Gulbrandson v. Ryan

Summarized by:

  • Court: 9th Circuit Court of Appeals Archives
  • Area(s) of Law: Habeas Corpus
  • Date Filed: 03-18-2013
  • Case #: 07-99012; 0972779
  • Judge(s)/Court Below: Circuit Judge Ikuta for the Court; Circuit Judge Rawlinson; Partial Concurrence and Partial Dissent by Circuit Judge D.W. Nelson.
  • Full Text Opinion

Defense counsel was not unreasonably ineffective by failing to have the defendant testify as a guilt stage witness if it is reasonable it would harm the defense, or by failing to have a psychiatric expert testify as to the state of mind at the sentencing hearing because it would have been cumulative of evidence already before the court.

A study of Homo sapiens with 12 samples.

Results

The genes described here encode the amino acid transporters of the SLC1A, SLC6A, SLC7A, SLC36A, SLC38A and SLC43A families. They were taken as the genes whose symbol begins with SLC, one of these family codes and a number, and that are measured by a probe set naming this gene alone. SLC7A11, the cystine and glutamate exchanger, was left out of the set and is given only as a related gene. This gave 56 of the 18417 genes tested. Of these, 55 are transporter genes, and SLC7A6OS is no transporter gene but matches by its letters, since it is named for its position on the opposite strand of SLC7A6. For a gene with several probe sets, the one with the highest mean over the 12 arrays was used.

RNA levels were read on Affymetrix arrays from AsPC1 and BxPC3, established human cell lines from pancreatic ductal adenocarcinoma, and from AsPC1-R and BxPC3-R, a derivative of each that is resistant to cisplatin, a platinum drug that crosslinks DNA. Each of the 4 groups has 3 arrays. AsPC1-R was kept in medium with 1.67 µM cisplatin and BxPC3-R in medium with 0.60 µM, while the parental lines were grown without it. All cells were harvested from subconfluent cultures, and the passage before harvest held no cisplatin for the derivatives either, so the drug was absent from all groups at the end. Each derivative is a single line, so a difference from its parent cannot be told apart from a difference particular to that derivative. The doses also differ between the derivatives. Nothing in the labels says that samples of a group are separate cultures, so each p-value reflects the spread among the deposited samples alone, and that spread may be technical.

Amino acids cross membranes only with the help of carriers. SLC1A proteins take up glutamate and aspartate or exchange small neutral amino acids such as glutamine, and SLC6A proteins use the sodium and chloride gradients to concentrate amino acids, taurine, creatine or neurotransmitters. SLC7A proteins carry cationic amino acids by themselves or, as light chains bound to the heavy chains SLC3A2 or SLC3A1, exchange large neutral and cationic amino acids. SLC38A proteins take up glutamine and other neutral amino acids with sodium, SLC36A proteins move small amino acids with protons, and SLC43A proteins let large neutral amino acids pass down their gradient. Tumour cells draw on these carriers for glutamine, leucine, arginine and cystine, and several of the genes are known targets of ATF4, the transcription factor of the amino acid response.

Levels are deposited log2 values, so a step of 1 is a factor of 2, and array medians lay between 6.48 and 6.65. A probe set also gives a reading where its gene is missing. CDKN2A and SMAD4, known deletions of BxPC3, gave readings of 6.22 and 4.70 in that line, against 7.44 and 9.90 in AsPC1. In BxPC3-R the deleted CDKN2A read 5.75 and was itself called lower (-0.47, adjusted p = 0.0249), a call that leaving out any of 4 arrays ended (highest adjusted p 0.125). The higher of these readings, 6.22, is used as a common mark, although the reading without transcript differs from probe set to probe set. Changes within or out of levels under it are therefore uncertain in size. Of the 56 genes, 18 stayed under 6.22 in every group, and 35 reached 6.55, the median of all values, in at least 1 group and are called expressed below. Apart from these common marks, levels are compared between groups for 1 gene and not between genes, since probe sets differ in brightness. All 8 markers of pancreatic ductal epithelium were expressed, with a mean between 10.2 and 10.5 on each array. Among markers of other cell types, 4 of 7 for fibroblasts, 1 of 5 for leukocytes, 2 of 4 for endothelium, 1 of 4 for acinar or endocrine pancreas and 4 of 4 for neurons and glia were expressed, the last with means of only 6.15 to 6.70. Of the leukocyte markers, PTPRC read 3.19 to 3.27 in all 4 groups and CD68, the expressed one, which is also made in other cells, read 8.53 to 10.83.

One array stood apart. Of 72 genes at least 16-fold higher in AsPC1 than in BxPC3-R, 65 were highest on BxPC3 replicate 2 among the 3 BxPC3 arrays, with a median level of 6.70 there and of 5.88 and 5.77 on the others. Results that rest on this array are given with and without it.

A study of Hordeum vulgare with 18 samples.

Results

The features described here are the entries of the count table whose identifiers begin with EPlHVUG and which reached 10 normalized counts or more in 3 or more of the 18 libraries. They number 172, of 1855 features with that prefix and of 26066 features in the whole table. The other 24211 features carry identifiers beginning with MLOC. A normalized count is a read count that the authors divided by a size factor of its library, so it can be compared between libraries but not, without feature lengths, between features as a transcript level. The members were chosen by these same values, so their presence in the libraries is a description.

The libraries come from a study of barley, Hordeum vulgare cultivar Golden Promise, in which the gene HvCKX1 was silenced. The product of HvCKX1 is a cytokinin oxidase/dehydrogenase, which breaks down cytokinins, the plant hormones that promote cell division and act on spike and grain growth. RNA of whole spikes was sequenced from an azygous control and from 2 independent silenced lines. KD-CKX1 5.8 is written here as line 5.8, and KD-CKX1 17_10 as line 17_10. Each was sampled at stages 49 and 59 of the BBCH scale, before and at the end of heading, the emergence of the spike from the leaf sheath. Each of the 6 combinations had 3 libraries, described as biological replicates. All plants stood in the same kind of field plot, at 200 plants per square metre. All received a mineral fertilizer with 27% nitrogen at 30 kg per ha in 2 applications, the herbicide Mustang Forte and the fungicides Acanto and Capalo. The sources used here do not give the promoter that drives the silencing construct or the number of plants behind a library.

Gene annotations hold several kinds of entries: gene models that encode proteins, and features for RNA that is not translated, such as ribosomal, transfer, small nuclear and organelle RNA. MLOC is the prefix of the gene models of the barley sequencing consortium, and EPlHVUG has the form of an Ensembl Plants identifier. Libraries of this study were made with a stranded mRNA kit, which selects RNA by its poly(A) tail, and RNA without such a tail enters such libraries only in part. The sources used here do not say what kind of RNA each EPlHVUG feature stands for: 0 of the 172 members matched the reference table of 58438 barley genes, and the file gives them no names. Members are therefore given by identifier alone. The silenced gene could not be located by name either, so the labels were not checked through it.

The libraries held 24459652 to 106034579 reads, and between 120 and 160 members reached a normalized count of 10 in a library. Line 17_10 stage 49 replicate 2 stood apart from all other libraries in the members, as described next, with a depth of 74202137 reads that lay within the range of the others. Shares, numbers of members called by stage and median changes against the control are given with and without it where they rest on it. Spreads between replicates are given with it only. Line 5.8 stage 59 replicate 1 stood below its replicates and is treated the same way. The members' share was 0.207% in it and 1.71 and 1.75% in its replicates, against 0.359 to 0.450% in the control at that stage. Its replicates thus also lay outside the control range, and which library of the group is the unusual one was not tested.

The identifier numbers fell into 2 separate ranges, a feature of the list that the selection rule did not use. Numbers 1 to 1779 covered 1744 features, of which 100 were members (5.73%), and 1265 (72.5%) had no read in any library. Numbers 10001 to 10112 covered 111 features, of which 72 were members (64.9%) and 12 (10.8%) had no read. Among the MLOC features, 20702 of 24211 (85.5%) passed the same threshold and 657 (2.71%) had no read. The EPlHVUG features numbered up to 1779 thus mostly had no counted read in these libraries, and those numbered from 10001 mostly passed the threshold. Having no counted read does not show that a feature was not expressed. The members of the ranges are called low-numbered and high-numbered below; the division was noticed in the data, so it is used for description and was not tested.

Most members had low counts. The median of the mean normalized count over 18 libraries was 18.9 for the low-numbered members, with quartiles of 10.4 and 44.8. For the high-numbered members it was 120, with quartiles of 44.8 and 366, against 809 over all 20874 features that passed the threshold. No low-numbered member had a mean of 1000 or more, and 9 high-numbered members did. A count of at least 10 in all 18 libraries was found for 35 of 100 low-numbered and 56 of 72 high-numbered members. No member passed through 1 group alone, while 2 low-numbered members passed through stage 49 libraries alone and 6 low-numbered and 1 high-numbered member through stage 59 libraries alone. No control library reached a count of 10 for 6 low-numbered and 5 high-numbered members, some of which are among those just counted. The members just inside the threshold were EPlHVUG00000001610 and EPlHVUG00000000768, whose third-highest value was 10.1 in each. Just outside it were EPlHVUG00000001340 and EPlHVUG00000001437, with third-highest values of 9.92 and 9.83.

In 1991 David Gulbrandson was convicted of premeditated first degree murder and theft. Gulbrandson argued a defense of insanity and lack of premeditation but was ultimately convicted and sentenced to death by the Arizona trial court. Gulbrandson filed for post-conviction relief asserting various claims of ineffective assistance of counsel. The petition was denied by the state post-conviction court on all claims. Gulbrandson then filed a federal habeas petition which denied all of his claims and denied a request for an evidentiary hearing. The Ninth Circuit panel affirmed the denial of the habeas petition holding it was not unreasonable for the state court to find, using Strickland v. Washington, that counsel could have reasonably concluded Gulbrandson’s testimony could have harmed the defense. The panel also held that the failure to recall the psychiatric expert at sentencing was not unreasonable because it would have been cumulative evidence that was already before the court. The panel held that Gulbrandson’s argument of ineffective assistance of counsel for failing to call the psychiatric expert to testify about his potential for rehabilitation was procedurally barred because it was not presented to the state court. The panel also held that Gulbrandson was not entitled to an evidentiary hearing because the state court determinations were not contrary to or unreasonable applications of federal law. The panel also denied relief for Gulbrandson’s Eighth Amendment claim because there is no case squarely on point barring a trial judge from hearing victim impact evidence. Finally, the panel denied Gulbrandson’s request to file a second or successive habeas petition because he did not demonstrate due diligence or actual innocence. The denial of the habeas petition was AFFIRMED. The application to file a second or successive petition is DENIED.